Hong Kong -- The leader of Hong Kong has apologized in person for the first time for the China.. Massive demonstrations forced her to hold up a controversial bill that would have paved the way for extraditions from the island to the
Protesters fear it could allow people accused of crimes in the semi-autonomous Chinese region to be transferred into the mainland's opaque legal system.
CBS News correspondent Ramy Inocencio reports that Hong Kong Chief Executive Carrie Lam, the Beijing-appointed leader of the island, offered her "most sincere apology" and said she was "sad" about the recent mass protests and violence. On Sunday some, demanding a complete retraction of the extradition bill.
"I personally have to shoulder much of the responsibility," she read from a prepared statement at Hong Kong's Central Government Offices. "I offer my most sincere apology to all people of Hong Kong."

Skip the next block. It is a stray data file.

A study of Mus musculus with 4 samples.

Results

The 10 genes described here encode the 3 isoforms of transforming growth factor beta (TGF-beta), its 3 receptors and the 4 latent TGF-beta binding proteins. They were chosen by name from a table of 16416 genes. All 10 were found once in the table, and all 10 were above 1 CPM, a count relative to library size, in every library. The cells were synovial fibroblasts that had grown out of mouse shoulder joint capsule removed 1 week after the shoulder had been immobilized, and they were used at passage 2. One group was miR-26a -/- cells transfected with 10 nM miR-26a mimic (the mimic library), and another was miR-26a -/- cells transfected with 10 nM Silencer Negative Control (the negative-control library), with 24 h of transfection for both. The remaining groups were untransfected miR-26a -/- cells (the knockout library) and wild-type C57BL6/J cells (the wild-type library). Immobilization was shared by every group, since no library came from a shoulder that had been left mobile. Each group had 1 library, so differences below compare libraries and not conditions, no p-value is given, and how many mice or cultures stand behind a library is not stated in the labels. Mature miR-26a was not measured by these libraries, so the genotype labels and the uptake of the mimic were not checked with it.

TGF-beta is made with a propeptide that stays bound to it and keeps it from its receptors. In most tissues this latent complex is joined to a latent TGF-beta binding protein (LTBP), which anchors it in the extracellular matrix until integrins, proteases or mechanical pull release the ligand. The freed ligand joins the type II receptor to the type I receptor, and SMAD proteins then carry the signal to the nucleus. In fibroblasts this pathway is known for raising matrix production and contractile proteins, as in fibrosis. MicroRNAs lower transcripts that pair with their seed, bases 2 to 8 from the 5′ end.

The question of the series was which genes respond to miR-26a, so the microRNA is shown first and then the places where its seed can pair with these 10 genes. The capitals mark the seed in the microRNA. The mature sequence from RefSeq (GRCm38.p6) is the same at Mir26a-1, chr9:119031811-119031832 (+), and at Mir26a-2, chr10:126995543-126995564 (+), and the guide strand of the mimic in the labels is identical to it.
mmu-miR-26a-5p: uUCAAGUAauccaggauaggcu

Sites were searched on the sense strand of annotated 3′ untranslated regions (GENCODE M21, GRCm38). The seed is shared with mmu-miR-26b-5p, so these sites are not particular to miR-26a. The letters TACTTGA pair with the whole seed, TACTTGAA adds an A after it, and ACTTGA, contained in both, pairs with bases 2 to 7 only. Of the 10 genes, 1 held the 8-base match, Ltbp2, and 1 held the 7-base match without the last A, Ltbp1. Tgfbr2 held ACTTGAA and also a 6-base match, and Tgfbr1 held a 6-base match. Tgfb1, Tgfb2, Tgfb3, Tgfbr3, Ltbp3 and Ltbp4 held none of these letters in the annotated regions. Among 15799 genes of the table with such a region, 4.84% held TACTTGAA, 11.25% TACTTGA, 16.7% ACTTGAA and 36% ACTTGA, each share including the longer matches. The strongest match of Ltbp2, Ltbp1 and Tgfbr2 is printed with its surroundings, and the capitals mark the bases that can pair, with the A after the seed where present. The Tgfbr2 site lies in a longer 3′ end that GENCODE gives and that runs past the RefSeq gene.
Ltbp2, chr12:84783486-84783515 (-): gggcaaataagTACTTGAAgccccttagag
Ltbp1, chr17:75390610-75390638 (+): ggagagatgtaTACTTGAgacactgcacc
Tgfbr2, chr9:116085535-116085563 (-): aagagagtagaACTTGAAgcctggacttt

Inocencio said Lam's apology only brought more questions about her ability to carry on in the role.
The idea of losing face -- being publicly embarrassed -- is a major cultural touchstone in China. The fact that Lam showed her face at all on Tuesday was surprising, said Inocencio, but it appeared to be too little, too late for protesters, who want her to withdrawal the bill and step down.
Asked by CBS News during her news conference whether her decision not to retract the bill might deepen distrust in her among Hong Kong residents, Lam said she would "not proceed again with this legislative exercise if these fears and anxieties cannot be adequately addressed."
After the news conference, protest organizers from the loosely organized Civil Human Rights Front said they did not accept her apology, as Lam hadn't met any of their demands.
"Disappointed and angry," the front promised to continue its protests and said it would announce plans on Wednesday.
As Hong Kong's embattled leader strategized over her next step, Beijing kept mum on the debate. The central Chinese government issued two statements of support for Lam over the weekend.
Lam admitted she has a tough job ahead to re-earn the people's trust in Hong Kong: "I've still got much to learn and do in better balancing diverse interests, in listening more to all walks of life, in taking our society forward."
But the chief executive's hands are tied. Even if she wanted to capitulate and withdrawal the bill, which might regain her some of the trust from her society, the government in Beijing could stop her doing so, or simply remove her.